Have you ever wondered if genetic predispositions affect the health of your teeth and gums? In some cases, genetics can heighten a patient’s risk for developing dental conditions such as periodontal disease and decay. The size and positioning of teeth is inherited, too. Our dentist explains how genetics affect oral health and how patients can take a proactive stance to protect gums and teeth.
While genetic factors do not directly cause decay or gum disease, certain predispositions can increase one’s risk. For example, many people equate gum disease with poor oral hygiene practices. Even though improper or inadequate oral hygiene causes gum disease for many patients, it is not the only contributing factor for developing inflamed and infected gums. In fact, some genetic factors do play a role in periodontal disease. Other factors such as hormonal fluctuations during puberty or pregnancy heighten gum sensitivity to irritants and bacteria. The genetic positioning of teeth may increase a risk for decay, especially if teeth tend to crown or overlap in one’s family. This is because crowded and overlapped teeth are difficult to clean and bacteria tend to accumulate in hard-to-reach places.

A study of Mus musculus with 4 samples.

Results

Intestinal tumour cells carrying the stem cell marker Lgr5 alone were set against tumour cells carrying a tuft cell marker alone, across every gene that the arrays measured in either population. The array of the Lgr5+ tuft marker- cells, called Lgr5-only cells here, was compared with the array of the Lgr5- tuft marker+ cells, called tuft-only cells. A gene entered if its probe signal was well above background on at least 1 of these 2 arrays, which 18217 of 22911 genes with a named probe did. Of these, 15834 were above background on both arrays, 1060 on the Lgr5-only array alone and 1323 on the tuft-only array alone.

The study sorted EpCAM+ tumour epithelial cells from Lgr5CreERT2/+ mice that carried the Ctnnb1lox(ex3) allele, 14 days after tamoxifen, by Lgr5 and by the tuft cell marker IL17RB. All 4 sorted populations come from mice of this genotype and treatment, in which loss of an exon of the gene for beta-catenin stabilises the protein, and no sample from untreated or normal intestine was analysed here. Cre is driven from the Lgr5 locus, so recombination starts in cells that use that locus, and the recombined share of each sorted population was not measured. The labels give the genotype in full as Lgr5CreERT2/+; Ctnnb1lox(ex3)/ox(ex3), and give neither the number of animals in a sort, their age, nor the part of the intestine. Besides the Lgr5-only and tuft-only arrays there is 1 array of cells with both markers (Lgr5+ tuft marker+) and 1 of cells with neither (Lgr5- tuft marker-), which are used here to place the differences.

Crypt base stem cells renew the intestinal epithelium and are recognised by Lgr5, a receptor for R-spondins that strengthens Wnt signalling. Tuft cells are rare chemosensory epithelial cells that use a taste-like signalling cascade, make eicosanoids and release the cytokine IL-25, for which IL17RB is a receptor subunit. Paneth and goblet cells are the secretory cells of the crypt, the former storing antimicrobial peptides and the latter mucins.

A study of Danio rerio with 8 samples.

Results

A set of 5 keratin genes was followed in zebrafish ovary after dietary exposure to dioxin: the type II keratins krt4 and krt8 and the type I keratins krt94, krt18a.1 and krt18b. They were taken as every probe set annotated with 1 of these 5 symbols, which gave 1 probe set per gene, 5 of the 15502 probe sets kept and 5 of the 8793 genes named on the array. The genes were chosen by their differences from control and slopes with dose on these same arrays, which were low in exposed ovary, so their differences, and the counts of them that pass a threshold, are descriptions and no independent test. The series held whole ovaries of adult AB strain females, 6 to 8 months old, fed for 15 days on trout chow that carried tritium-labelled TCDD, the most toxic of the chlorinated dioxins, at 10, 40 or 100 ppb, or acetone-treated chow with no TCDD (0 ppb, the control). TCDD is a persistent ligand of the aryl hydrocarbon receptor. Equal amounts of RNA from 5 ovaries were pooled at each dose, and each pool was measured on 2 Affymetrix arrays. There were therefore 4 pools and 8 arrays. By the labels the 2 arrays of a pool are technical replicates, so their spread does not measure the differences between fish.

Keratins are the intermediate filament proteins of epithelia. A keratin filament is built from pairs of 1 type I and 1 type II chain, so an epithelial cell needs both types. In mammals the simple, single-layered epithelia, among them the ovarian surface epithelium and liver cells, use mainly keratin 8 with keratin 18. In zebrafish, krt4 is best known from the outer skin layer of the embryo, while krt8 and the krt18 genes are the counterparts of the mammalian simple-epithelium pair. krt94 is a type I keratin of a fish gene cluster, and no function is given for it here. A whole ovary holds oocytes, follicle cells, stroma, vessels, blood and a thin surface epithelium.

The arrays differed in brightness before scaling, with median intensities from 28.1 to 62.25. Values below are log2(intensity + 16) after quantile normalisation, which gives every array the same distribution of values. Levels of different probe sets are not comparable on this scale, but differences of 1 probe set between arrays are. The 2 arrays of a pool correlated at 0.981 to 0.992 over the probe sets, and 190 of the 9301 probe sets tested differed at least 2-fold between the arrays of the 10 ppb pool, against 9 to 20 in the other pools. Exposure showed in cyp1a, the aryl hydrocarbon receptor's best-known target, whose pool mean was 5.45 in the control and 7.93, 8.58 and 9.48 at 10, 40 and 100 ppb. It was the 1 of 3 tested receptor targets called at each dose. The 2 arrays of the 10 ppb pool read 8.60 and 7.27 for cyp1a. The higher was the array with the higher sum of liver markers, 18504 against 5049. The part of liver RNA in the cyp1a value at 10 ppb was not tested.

Genetics also play a role with orthodontic issues. In many cases, similar orthodontic patterns emerge in within a family. Malocclusions such as overbites and underbites might be inherited, too. Fortunately, the positioning and misalignment of teeth is treatable with braces, palate expanders, and oral surgery.
Overcoming genetics in dentistry is not impossible. In fact, there is a lot a patient can do to combat inheritable predispositions. The best method for taking a proactive stance on dental health is to commit to proper brushing and flossing. When done correctly, brushing and flossing removes most plaque deposits and helps prevent gum disease and tooth decay. In addition to meticulous oral hygiene, patients should visit the dentist for examinations and cleanings on a regular basis. With professional care, most conditions are detected early on and manageable with treatment.
To schedule an appointment with any of our dentists, call 718-389-1120 today.